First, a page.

Look, we get it. We’re all busy people with a lot of things to do and Web pages to read. Quite often, you’re reading to gather information rather than for the joy of reading (Though don’t forget to do that, too) and just want all the details summarised for you in several sentences. That’s why online summarizer tools exist.
Using these nifty online tools, you can copy-paste text or URLs into a box, set your parameters for just how heavily summarised you want it to be, then click a big button to get the low-down on a given article in just a few sentences. Here are our favourite tools for this purpose.
With its fuscia tones, Smmry has the branding style of a naughty site from the late 90s, but don’t be fooled, as it’s actually a great text summarization tool. Smmry lets you paste URLs or enter text directly but has the extra edge of letting you upload files from your hard drive, too.
It comes with all manner of little extra settings, including a “Heat Map” which colour-codes sentences by their importance, as well as options to skip over questions, exclamations and quotations.
Obviously, what it deems “important” won’t always be what you deem important, so bear that in mind.
If you want something a little more hands-on for your article summaries, then you can give Tools4noobs a try. You can input text directly or by pasting a URL, but it also has quite a few more intricate options that really let you specify the kind of summary you’re after.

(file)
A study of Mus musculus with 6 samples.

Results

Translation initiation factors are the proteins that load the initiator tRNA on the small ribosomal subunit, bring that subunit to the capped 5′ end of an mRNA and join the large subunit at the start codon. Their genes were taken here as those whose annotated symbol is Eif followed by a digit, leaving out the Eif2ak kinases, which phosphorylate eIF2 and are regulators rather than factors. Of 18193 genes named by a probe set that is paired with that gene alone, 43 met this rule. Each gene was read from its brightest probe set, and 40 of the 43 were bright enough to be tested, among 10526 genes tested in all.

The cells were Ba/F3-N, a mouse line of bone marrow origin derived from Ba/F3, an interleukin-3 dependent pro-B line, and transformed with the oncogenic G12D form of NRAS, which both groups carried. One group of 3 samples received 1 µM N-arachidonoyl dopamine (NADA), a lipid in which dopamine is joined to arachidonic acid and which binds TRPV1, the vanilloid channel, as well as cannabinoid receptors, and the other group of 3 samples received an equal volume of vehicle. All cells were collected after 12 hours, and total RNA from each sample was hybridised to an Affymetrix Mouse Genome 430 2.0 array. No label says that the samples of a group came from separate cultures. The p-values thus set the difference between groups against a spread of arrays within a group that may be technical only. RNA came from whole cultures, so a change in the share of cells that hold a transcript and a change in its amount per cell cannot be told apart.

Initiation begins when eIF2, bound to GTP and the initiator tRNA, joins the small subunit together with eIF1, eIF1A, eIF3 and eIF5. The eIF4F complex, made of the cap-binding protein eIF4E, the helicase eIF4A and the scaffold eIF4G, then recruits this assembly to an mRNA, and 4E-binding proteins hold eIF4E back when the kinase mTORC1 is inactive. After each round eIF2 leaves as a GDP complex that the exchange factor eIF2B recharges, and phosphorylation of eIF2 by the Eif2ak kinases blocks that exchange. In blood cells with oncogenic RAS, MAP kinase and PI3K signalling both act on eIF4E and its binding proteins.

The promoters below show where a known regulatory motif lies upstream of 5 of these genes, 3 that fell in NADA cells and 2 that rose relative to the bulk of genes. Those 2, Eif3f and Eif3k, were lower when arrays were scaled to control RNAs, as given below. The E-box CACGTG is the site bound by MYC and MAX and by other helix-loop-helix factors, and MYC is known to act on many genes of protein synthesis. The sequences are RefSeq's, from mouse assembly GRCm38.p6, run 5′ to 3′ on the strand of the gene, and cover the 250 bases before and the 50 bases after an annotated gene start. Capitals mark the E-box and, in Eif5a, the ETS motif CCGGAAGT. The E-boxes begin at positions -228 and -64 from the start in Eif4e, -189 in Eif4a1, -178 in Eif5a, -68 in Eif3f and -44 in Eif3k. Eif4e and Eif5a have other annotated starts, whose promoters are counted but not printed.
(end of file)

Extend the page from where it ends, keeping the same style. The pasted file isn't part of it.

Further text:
You can pick a “threshold” from 1 to 100, for example, which trims the summary based on “relevant” words it finds (or you can adjust the number of lines it displays).
You can also get it to highlight sentences by their relevance and keywords, as well as enlarging the most common words in the article.
TextSummarization keeps things nice and simple for anyone to use. Unlike some of the other summarization tools, it actually lets you copy-paste the URL of an online article into it and will scan the page and convert the article into however many sentences you choose.
The URL tool doesn’t always grab the text successfully, but the very fact that it’s there and works well for the most part gives this tool the nod over others.
4. Free Summarizer
Free Summarizer has been around for years, and the fact that it hasn’t really evolved in that time suggests that it does the basics very well. You need to paste text into this one manually, then just set the number of sentences you want it condensed to and hit the button. From our testing, it delivers nice and informative summaries, which makes up for its lack of features.
As a bonus, the website also has a proofreading tool!
While there are many more summarizing tools available than what we’ve shown above, no others we’ve found offer the simple but handy extra features which raise these above the rest.